Credit:  Mike Adler, www.insidetoronto.com 9 September 2011 ~~

Councillor Paul Ainslie’s bid to pull Toronto Hydro’s wind-measuring device from the water before it can finish its work off the Scarborough Bluffs suffered a setback this week at city hall.

But the Scarborough East councillor is still determined to convince his colleagues the utility must remove its anemometer by Nov. 30.

The province gave hydro permission in 2009 to place the device in Lake Ontario off the bluffs. Since May 2010, it has been collecting data to determine if wind conditions could power turbines two to four kilometres off shore.

The province, in the face of local protests, declared a moratorium on wind projects up to five kilometres into the lake, but Toronto Hydro wants its refrigerator-sized device to remain active for a full two years.

Ainslie this week said residents from Ajax to the Leslie Street Spit want the anemometer to disappear now.

“It’s very symbolic for my community,” he said in an interview, arguing studies already done suggest the off-shore location won’t supply the necessary wind conditions.

“I’m getting real tired of a utility that we own doing anything they can to get around the obvious conclusion that is not a fitting place for wind turbines.”

But on Tuesday, Sept. 6, Ainslie’s motions at Toronto’s executive committee to direct hydro to remove the device and to declare a wind-project moratorium of its own were referred to the city manager for a report next month.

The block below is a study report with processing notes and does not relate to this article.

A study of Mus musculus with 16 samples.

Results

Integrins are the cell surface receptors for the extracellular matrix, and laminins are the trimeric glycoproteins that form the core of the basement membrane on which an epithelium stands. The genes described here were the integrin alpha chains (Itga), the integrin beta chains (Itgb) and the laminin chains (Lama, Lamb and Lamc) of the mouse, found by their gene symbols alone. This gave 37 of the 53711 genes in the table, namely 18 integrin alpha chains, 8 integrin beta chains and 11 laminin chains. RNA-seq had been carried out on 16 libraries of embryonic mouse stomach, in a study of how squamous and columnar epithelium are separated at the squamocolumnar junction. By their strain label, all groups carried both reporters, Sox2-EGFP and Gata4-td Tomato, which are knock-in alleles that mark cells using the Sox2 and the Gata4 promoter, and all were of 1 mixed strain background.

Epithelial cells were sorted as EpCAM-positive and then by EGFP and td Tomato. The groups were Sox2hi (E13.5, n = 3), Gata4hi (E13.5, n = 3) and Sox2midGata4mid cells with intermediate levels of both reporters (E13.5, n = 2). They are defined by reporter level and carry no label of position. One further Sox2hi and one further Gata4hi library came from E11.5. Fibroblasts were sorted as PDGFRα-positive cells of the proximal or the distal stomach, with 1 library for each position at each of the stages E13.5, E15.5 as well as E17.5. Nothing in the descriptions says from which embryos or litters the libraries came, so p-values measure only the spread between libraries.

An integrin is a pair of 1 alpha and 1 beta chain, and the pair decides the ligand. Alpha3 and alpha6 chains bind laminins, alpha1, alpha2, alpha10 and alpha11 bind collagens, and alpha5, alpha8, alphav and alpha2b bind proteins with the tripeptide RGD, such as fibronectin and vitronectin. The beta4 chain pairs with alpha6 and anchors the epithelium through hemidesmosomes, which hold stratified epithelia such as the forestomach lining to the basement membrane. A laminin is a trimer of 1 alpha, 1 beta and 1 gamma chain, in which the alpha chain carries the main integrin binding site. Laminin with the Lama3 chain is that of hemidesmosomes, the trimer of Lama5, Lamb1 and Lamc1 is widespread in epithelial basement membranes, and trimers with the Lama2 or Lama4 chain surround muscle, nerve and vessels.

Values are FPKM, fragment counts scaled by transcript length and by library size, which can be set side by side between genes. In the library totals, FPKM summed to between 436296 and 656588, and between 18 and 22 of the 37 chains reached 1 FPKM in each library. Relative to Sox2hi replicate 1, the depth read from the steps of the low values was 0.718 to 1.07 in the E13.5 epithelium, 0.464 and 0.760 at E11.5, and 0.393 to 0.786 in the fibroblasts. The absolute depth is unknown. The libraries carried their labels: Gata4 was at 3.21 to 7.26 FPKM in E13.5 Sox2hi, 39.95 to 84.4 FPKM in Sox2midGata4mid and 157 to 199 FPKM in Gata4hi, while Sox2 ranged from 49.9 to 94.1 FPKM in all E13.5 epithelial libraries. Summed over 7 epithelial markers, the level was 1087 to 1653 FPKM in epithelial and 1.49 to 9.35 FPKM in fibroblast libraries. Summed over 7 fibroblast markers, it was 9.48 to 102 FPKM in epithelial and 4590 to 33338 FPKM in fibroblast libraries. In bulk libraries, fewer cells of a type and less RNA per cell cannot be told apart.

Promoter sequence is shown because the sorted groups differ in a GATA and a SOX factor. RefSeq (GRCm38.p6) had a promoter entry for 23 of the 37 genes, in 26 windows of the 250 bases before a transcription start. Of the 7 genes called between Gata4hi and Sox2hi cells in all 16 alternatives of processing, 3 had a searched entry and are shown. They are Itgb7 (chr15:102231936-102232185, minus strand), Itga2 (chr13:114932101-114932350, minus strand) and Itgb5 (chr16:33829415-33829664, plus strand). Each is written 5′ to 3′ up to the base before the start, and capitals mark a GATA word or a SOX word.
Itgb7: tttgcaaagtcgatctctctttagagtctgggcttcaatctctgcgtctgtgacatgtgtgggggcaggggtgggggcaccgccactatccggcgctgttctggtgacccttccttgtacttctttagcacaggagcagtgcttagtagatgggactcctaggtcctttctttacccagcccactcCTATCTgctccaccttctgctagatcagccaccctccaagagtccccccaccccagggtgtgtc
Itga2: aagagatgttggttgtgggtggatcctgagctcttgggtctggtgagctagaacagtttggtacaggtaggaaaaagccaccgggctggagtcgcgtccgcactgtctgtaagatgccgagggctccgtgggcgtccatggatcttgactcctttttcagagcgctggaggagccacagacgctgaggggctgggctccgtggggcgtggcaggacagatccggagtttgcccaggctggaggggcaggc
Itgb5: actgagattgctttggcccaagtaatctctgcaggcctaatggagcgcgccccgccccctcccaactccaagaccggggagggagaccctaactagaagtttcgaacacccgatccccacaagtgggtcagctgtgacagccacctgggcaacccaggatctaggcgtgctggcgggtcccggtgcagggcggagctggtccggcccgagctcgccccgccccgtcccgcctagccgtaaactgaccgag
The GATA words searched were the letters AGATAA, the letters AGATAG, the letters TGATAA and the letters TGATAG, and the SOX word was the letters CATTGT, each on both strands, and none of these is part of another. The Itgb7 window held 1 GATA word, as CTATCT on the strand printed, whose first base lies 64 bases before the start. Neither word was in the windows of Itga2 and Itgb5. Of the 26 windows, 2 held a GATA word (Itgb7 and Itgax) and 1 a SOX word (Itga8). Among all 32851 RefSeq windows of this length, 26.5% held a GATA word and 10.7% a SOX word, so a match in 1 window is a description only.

Before the decision, Shelly Carroll, a North York councillor not on the executive committee, asked why the anemometer should be removed when it’s so close to finishing its work. “Might not it make your case that it’s not a place to put a wind turbine?”

Scarborough residents speaking to the committee, however, said they shared Ainslie’s stance.

For many Torontonians the anemometer represents “total waste” and they “would like a divorce” from it, Sherri Lange said. “The world is turning against wind power as we speak.”

But Franz Hartmann of the Toronto Environmental Alliance said it would be a waste to stop the information-gathering now. “You will be letting politics trump good business practices,” he said, arguing though vocal constituents in Ainslie’s ward don’t want turbines the rest of Scarborough “has not been asked.”

Ainslie’s motions, during a provincial election campaign, could play “into the hands of those who want to gut green energy plans for the province,” Hartmann added.

Last week, Toronto Hydro spokesperson Joyce Mclean two years of wind data is much more indicative of wind resources than data from one year. After that, hydro will be in a position to make decisions, she said.

Mclean said it was “hard to speculate” about what Hydro would do if committee members told the utility to remove the device.

Source:  Mike Adler, www.insidetoronto.com 9 September 2011

This article is the work of the source indicated. Any opinions expressed in it are not necessarily those of National Wind Watch.

The copyright of this article resides with the author or publisher indicated. As part of its noncommercial effort to present the environmental, social, scientific, and economic issues of large-scale wind power development to a global audience seeking such information, National Wind Watch endeavors to observe “fair use” as provided for in section 107 of U.S. Copyright Law and similar “fair dealing” provisions of the copyright laws of other nations. Send requests to excerpt, general inquiries, and comments via e-mail.